Suspects in Bastille Day attack trial deny terrorist ties

September 6, 2022 GMT
In this courtroom sketch by Elisabeth de Pourquery, suspects from the left, rear, Artan Henaj, Chakri Chafroud, Ramzi Arefa, and below, Mohamed Walid Ghraieb, Endri Elezi, Makzim Celaj and Enkeledka Zace sit in court on the first day of the Nice attack trial in Paris, Monday, Sept. 5, 2022. A special French terrorism court on Monday opened the trial of eight people accused of helping a man who, on Bastille Day six years ago, plowed a heavy truck through crowds in a southern French resort town leaving 86 dead. (Elisabeth de Pourquery/France TV via AP)
In this courtroom sketch by Elisabeth de Pourquery, suspects from the left, rear, Artan Henaj, Chakri Chafroud, Ramzi Arefa, and below, Mohamed Walid Ghraieb, Endri Elezi, Makzim Celaj and Enkeledka Zace sit in court on the first day of the Nice attack trial in Paris, Monday, Sept. 5, 2022. A special French terrorism court on Monday opened the trial of eight people accused of helping a man who, on Bastille Day six years ago, plowed a heavy truck through crowds in a southern French resort town leaving 86 dead. (Elisabeth de Pourquery/France TV via AP)
In this courtroom sketch by Elisabeth de Pourquery, suspects from the left, rear, Artan Henaj, Chakri Chafroud, Ramzi Arefa, and below, Mohamed Walid Ghraieb, Endri Elezi, Makzim Celaj and Enkeledka Zace sit in court on the first day of the Nice attack trial in Paris, Monday, Sept. 5, 2022. A special French terrorism court on Monday opened the trial of eight people accused of helping a man who, on Bastille Day six years ago, plowed a heavy truck through crowds in a southern French resort town leaving 86 dead. (Elisabeth de Pourquery/France TV via AP)

PARIS (AP) — The defendants on trial for the 2016 Bastille Day truck attack in Nice that killed 86 people denied any links to terrorism and told the court Tuesday that they had been trapped or fooled by the driver at fault for the massacre.

The driver, Mohamed Lahouaiej-Bouhlel, was killed by police after the attack on the Mediterranean city’s storied beachfront, where 25,000 people had gathered to celebrate France’s national holiday.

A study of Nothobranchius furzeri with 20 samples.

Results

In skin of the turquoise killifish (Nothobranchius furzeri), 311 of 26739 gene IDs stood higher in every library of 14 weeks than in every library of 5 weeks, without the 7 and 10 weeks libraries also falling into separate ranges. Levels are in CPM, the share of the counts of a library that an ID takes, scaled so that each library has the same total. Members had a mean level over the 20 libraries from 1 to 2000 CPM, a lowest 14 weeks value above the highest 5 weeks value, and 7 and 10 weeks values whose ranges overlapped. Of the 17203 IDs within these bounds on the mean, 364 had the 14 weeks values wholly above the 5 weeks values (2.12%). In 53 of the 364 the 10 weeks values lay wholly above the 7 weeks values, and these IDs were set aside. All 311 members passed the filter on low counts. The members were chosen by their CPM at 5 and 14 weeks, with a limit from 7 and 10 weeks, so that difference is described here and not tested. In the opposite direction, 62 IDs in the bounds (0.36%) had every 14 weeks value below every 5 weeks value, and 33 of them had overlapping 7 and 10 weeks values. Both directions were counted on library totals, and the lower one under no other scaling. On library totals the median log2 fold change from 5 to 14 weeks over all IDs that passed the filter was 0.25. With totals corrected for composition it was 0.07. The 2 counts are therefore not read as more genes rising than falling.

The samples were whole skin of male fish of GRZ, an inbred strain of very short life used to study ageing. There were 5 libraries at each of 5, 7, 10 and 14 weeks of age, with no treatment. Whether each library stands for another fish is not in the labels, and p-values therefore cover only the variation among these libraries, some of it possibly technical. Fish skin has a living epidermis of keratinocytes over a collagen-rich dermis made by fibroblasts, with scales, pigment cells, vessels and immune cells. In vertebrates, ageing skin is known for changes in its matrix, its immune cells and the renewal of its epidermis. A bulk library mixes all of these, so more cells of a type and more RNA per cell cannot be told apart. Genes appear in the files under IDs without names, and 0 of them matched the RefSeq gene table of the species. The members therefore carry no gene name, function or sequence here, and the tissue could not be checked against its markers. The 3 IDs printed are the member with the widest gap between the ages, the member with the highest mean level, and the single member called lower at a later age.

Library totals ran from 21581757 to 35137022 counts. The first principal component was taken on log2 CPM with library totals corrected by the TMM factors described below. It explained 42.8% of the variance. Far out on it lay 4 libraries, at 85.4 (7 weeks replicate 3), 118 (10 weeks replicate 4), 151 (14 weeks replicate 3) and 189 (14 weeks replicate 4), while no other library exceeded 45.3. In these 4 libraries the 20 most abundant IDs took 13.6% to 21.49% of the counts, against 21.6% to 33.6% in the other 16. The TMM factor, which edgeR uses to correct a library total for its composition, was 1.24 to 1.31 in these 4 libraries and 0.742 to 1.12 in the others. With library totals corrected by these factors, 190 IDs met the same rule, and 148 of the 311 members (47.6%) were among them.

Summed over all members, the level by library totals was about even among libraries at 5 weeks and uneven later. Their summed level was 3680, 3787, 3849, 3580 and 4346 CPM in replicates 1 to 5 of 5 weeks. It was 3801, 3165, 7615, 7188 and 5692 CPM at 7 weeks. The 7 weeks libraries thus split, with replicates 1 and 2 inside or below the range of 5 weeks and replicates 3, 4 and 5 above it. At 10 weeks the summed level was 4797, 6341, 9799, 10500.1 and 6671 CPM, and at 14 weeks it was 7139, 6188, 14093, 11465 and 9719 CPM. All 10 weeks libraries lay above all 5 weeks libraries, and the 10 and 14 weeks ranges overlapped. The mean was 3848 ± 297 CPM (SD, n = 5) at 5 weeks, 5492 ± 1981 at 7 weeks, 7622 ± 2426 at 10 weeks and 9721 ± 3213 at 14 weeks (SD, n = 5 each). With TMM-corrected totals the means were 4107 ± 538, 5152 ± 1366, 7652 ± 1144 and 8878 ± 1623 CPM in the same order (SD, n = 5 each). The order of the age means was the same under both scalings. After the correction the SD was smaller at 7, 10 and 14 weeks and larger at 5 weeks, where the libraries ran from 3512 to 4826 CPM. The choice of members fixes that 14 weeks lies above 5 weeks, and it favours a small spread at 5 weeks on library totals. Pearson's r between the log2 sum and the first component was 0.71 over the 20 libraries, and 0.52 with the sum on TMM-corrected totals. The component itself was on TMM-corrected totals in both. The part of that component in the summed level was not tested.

The eight people who went on trial in Paris this week are accused of helping him, though investigators didn’t find evidence that they were directly involved in the carnage.

While the Islamic State group claimed responsibility and Bouhlel had been inspired by its propaganda, investigators found no evidence that IS orchestrated the attack.

The suspects on trial, in their opening testimony Tuesday, sought to distance themselves from the attacker and any extremist ideas.

“I saw nothing coming and I found myself caught in the gears,” said Mohamed Ghraieb, charged with association with a terrorist criminal. “It was a scumbag who did this. Terrorism frightens me.”


“On the day of July 14, I was with the injured and I did it with all my heart. When the name of the terrorist came out, I was the one who went to the police,” to offer testimony about the attacker, Ghraieb told the court. “I have told the truth from the start.”

He said Lahouaiej-Bouhlel “tricked me.” Investigators say Ghraieb was close to the attacker and rode in the truck used for the attack earlier that week.

Suspect Chokri Chafroud, also accused of close ties to the attacker, struggled for words to describe the horrors of that night. “I don’t know what was on his mind. But I didn’t help him at all.”

Ramai Arefa told he court he was 21 years old and living “on drug trafficking” at the time of the attack. “I admit having been the intermediary for the sale of a pistol, but I did not know this person outside of drug trafficking. I did not partner with him on any project.”

The other defendants were charged with lesser, non-terrorist crimes such as sale or transport of weapons.

Two spoke via Albanian translators, saying they were sorry for the victims but knew nothing about Lahouaiej-Bouhlel’s intentions.

They said they had only been in France for a few months and were working under the table in construction, and both said they had nothing to do with terrorism.

Seven of the eight accused were in court. The eighth, in detention in Tunisia, is being tried in absentia. If convicted, they face sentences ranging from five years to life in prison.

The trial is scheduled to last three and a half months, with a verdict expected in December.